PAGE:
PureCube Hydrophobic Interaction Agaroses
Hydrophobic interaction chromatography is a well-established method to purify proteins according to their surface charge and hydrophobicity. Chromatography matrices that provide a hydrophobic surface are used for separation. This method does not require any affinity tags to be fused to the protein to be purified. Therefore it is suitable for the purification of both native and recombinant proteins. We offer hydrophobic interaction matrices, with phenyl, octyl, or butyl groups on the surface. For a novel protein, comparing different matrices is strongly recommended, and a HIC screening set with small quantities of each matrix is available. Our PureCube Agaroses are based on BioWorks Workbeads, providing highest binding capacities and reproducible results, especially in FPLC chromatography applications.
PureCube Hydrophobic Interaction Agaroses provide:
Increased ligand density for high protein yields, especially for smaller proteins
Choice of different matrices: Phenyl, Octyl, and Butyl Agarose
Homogeneous base matrix made of 40 µm diameter, crosslinked agarose
Ideal as second step after purification with Ion Exchange Agaroses
Hydrophobic interaction (HIC)
HIC separation is based on the interaction of hydrophobic regions of a protein with chromatography media that contain hydrophobic groups such as butyl, octyl, or phenyl on the surface. This interaction is enhanced by high ionic strength, making HIC an ideal purification step after ammonium sulfate precpitation or after elution from ion exchange media in high salt buffers.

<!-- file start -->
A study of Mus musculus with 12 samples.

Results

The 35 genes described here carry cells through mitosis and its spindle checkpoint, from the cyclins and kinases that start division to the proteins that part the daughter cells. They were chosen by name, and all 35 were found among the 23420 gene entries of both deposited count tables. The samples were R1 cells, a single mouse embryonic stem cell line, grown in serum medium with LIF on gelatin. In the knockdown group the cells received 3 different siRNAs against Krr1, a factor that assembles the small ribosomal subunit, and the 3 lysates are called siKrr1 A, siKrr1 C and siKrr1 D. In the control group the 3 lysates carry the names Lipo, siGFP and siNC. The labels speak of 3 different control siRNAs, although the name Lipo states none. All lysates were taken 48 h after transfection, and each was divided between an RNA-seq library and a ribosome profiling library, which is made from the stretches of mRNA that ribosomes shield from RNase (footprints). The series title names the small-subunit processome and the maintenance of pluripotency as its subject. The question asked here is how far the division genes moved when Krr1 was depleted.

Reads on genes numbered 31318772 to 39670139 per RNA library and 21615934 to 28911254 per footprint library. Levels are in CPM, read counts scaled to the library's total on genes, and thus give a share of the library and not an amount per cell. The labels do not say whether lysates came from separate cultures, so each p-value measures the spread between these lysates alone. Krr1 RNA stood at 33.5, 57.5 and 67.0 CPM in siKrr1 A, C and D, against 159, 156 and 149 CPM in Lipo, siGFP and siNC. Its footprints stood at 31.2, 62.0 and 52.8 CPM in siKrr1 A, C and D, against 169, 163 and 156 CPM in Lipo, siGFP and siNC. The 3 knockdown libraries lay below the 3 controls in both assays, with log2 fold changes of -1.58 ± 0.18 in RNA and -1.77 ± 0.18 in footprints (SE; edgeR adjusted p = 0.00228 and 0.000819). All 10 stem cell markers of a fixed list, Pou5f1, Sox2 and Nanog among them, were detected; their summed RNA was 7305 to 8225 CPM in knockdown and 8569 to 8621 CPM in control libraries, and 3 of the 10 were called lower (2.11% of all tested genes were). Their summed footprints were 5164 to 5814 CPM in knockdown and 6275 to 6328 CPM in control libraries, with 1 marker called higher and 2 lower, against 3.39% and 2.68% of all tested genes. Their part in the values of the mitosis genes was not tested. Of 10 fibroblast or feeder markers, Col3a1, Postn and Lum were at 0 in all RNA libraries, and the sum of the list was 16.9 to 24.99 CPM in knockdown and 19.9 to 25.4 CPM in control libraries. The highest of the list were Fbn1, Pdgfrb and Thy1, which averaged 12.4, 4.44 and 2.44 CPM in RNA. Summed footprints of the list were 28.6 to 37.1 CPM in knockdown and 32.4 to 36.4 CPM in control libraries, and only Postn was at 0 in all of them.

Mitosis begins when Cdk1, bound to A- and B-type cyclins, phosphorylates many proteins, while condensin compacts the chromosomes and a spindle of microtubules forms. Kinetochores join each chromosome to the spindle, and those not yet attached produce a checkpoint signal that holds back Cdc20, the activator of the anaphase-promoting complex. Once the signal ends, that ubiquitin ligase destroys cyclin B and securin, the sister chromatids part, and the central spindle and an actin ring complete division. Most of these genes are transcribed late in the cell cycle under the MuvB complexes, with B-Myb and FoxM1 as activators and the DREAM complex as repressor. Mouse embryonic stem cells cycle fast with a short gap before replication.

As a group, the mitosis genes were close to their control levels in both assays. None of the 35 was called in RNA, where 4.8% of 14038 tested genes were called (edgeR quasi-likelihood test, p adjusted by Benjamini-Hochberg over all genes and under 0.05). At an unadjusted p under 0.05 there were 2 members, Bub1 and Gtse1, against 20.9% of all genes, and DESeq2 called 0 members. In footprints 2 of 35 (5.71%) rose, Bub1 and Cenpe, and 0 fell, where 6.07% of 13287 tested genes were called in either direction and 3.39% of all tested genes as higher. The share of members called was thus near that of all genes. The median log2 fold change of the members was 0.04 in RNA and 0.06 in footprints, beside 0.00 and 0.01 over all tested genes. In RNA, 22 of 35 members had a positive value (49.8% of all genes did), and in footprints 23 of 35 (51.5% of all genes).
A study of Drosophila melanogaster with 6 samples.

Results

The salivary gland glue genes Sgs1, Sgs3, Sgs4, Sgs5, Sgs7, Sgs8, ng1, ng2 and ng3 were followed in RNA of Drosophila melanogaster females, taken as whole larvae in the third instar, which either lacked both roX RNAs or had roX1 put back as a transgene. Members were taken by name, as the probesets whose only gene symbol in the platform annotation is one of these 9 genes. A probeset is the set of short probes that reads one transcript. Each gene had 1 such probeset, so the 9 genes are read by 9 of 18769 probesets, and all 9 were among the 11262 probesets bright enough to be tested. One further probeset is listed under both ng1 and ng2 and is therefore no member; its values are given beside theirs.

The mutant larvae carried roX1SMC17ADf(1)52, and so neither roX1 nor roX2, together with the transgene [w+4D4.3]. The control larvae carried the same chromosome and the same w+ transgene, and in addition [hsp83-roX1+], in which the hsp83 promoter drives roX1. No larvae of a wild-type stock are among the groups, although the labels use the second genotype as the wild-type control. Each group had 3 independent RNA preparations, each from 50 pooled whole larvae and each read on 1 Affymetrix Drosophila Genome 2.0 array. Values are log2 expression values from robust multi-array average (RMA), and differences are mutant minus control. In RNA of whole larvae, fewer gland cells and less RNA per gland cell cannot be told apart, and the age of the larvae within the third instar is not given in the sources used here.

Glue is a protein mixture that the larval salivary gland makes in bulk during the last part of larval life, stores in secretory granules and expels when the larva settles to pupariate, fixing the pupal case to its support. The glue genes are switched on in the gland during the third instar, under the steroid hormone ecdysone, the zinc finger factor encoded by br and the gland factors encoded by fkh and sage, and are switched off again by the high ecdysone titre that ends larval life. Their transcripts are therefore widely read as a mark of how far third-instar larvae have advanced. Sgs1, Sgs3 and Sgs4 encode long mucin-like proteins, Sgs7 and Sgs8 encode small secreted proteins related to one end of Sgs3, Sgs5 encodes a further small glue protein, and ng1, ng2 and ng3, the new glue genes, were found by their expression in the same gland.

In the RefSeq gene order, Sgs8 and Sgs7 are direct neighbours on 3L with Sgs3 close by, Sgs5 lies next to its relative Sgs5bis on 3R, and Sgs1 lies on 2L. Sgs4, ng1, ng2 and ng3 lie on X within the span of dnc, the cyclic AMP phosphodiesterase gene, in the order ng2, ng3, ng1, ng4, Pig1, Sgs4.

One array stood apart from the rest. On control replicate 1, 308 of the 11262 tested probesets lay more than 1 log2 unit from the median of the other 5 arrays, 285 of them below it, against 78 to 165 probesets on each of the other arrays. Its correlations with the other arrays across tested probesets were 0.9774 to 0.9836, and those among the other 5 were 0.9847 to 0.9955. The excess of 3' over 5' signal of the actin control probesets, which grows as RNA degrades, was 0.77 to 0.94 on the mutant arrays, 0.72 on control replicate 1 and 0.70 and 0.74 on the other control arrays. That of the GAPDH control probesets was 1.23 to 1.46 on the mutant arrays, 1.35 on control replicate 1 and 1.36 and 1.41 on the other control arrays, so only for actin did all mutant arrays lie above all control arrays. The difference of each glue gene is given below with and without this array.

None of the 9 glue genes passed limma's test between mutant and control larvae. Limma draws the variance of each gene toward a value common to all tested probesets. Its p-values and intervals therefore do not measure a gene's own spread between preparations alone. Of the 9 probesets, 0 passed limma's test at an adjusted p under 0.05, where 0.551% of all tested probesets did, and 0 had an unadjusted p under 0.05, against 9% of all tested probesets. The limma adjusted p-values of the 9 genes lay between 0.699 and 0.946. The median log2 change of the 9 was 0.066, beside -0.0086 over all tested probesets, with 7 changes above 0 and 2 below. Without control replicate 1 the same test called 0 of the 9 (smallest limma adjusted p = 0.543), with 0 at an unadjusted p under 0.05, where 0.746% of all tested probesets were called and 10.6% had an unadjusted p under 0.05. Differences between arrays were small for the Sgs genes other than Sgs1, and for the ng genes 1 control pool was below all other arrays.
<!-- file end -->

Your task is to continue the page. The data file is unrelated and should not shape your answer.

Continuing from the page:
Proteins might precipitate at very high salt concentrations, therefore it is recommended to test in small scale experiments if the protein of interest stays in solution at the salt concentration required for binding.
Bound proteins can be eluted with low-salt buffers. It is highly recommended to use a salt gradient (e.g. ammonium sulfate or sodium chloride) for elution to ensure that the protein is kept in the optimal salt concentration required for stability.
Which matrix for my protein?
In contrast to isoelectric point determination, it is difficult to predict a protein's overall hydrophobicity, as only isolated patches on the protein surface may be hydrophobic but sufficient for interaction with the HIC matrix. Therefore, it is recommended to test different resins for their suitability to bind the protein of interest at concentrations that keep the protein in solution, elute it at salt concentrations suitable for protein stability and activity, while separating it from contaminating proteins. The PureCube HIC Starter set was developed for easy comparison of the three different materials.
Fig. 1: Chemical structures of functional groups used in hydrophobic interaction matrices.
Fig. 2: Purification of two test proteins on PureCube Phenyl Agarose and a leading competitor product. For the larger test protein (BSA, 66 kDa) yields of about 25 mg/ml resin were obtained with both HIC resins. For the smaller test protein (lysozyme, 14 kDa) yields were about 4x higher on the PureCube matrix (PureCube: 45 mg/ml, competitor G: 11 mg/ml). Purification was done in batch, with binding and washing at 1.5 M ammonium sulfate, 100 mM NaH2PO4, pH 7.0, and elution at 100 mM NaH2PO4, pH 7.0. E1, E2: elution fractions 1 and 2.